Teens are always in either a state of limbo, too scared or unsure to try anything, or veering manically from one personality to the next, trying them on for size. What better holiday for them than Halloween, when they can put on a costume and become someone completely different without long-lasting repercussions (hold the tattoo, please). Here are some ideas and tips to make Halloween safe and sane for you and your teen(s).

Trick-or-treating – are they too old? For the most part, that decision needs to be made by your child. When my son was 13, he decided he wanted to forgo trotting around the neighborhood and be the candy-giver at our home. He really gets a kick out of answering the door and doling out the treats. Some of his friends, however, have continued to dress-up and go house-to-house well into their late teens.

Hosting a Halloween party can be a great alternative to having the kids go out. This can be as simple as renting a couple of scary movies and putting out some candy and sodas, to a full-blown costume party with cauldrons bubbling and sound effects. Involve your teen in the planning and party preparations and really listen to them when they tell you what THEY think will be fun.

Perhaps your teen would be interested in helping out with one of the local Halloween haunts. Check with your local park or recreation center, or a neighborhood school or church to see if they need help with their activities or fundraisers.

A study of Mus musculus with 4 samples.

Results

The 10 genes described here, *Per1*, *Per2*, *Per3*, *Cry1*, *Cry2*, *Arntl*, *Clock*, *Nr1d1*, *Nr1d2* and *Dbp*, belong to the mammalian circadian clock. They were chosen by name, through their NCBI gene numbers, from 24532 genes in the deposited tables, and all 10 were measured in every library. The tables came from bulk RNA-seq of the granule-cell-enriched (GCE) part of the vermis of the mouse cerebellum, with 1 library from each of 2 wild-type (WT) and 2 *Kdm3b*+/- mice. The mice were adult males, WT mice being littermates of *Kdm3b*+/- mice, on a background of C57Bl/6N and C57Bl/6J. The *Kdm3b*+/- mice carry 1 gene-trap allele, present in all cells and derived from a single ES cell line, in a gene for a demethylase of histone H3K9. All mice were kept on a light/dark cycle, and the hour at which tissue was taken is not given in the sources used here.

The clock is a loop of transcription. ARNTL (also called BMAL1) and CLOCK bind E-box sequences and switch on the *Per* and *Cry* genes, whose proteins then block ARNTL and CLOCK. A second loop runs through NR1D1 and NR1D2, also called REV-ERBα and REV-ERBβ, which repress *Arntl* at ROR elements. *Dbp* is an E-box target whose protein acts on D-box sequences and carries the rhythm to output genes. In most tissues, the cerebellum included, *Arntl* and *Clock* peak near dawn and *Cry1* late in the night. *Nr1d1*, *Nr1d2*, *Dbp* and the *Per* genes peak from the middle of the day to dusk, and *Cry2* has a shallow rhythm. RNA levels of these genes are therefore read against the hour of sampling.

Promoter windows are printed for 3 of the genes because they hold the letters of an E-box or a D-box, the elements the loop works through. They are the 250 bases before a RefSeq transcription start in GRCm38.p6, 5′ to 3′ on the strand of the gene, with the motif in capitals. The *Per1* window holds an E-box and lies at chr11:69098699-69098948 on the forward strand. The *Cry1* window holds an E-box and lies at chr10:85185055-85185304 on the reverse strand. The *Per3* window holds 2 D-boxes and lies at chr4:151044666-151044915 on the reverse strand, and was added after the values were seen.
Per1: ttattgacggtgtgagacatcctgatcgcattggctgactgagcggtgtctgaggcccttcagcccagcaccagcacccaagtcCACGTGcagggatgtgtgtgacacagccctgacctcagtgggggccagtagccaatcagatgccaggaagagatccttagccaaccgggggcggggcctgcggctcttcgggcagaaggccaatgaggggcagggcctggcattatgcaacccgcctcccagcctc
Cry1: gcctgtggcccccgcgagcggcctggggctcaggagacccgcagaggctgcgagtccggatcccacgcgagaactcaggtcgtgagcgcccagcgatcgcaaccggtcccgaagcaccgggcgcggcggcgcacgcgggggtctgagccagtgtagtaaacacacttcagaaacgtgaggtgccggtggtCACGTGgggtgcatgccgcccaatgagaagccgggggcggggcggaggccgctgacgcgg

For teen trick-or-treaters, a decent costume is a must. Just dressing in all black or putting a paper bag over their head doesn’t quite cut it! Most treat-givers are happy to oblige trick-or-treaters of any age and size, as long as they have put some effort into their costume.

Have a talk with your kids to remind them that Halloween is not a free pass to cause damage to someone’s property. Taking pumpkins off the porch is still stealing; toilet papering someone’s house is still vandalism. (It can’t hurt to check their candy bags for toilet paper and/or eggs as they leave the house.) Also, remind the big kids to be careful not to trample over the little ones. Your 14-year-old Frankenstein shouldn’t be racing a four-year-old Cinderella up the walkway.

If they are going out to ring doorbells, here are some tips to keep your older ones safe and sane on Halloween:

  • Be emphatic about curfew – especially if it is a school night.
  • As always, make sure you know who they’re going out with and by all means, don’t let them go out alone!
  • Know the neighborhood they’ll be visiting or the route they’re planning to take.
  • Make sure they are carrying their cell phone and ensure it is charged up. Tell them to check in with you every hour.
  • Have them carry a flashlight – don’t forget to make sure it works and has new batteries.

Have a safe and happy Halloween – take lots of pictures and snag a couple pieces of “good” candy for yourself!